The 22-year-old Italian was today set to have a medical with the Serie A giants as he prepared to return to his homeland after two-and-a-half years in the north-west.
The move will cost Milan around £20million and Mancini is aware of the adverse affect it could have on his side's chances of retaining the title.
City were yesterday held to a 0-0 draw by bottom-of-the-table QPR, meaning leaders Manchester United could go seven points clear with a win against Southampton tonight.
"It is difficult because I lost one important striker and that could be important in the next 14 games," Mancini said.
"But it is important for Mario -- to be back in Italy, back with his family and to play for Milan.
"Milan started to talk to Manchester City in the last two days and they are very close. This is for Mario because we love Mario and he deserves to have this chance."
The move was set to end a remarkable stay at the Etihad Stadium, which saw almost as many headlines for off-field incidents as success on it.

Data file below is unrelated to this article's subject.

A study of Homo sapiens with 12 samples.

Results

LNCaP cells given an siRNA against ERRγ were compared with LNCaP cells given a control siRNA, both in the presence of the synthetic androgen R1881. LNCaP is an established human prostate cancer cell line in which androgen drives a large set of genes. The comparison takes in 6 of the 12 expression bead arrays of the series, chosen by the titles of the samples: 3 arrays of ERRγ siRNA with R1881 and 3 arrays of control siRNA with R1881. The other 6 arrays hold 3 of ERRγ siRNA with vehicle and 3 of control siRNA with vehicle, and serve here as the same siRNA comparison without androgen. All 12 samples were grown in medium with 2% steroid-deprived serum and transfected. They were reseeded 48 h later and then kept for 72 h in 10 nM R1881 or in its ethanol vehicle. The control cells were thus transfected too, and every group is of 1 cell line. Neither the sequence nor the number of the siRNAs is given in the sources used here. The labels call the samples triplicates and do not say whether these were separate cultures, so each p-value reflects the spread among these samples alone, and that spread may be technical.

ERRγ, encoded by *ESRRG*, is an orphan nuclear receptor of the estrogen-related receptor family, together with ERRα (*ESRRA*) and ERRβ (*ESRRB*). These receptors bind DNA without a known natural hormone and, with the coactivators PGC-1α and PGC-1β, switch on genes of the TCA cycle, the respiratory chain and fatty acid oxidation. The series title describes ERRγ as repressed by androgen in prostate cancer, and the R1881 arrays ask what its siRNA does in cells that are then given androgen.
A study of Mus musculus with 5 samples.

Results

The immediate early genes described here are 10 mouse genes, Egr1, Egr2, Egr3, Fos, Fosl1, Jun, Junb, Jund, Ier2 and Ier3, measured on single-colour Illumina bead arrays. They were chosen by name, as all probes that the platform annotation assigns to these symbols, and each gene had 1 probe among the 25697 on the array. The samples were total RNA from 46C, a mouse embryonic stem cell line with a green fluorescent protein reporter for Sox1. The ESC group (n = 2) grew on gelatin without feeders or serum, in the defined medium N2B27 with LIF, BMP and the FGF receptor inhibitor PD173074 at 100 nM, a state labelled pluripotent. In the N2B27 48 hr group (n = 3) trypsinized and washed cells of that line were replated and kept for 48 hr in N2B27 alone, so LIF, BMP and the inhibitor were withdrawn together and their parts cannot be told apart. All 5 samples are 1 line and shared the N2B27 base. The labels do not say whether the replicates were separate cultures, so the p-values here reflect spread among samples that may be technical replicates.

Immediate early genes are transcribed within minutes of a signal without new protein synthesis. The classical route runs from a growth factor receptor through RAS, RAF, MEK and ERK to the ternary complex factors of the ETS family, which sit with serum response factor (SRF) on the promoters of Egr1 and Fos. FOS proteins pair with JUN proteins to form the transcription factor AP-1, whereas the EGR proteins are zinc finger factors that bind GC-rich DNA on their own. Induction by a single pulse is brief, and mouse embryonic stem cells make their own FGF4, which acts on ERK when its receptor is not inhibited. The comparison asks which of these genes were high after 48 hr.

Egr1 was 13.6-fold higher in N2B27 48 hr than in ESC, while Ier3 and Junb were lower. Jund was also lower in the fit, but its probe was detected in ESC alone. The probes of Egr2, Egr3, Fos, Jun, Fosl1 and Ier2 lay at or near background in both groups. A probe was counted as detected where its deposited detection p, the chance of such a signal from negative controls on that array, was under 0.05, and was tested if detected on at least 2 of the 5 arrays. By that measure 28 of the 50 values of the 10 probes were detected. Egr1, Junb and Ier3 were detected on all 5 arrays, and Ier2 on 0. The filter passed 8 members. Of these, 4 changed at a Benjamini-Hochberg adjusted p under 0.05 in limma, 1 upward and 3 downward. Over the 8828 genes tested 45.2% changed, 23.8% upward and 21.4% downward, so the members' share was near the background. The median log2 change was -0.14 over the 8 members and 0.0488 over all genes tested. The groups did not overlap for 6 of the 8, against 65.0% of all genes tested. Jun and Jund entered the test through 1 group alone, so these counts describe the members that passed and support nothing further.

Through most of the controversy, Mancini has stood by a player to whom he has paid special attention since they were together at Inter Milan.
Asked if Balotelli had become too hard to manage, Mancini said: "No, no, no, not for me. For me, Mario was like another of my children.
"Mario is this but you can be upset with him sometimes.
"The club told me they had this from Milan. I spoke with Mario and I think he wanted this.
"I think for him after three years in England to come back to Italy will be good for him."
Mancini believes Balotelli did "very well" in his time with City, but conceded this season had proved more difficult.
That said, he believes he can become one of the best players in the world. "We are also so sad because Mario was an important player for us," Mancini added. "I hope he can continue to improve because he can become one of the world's best players."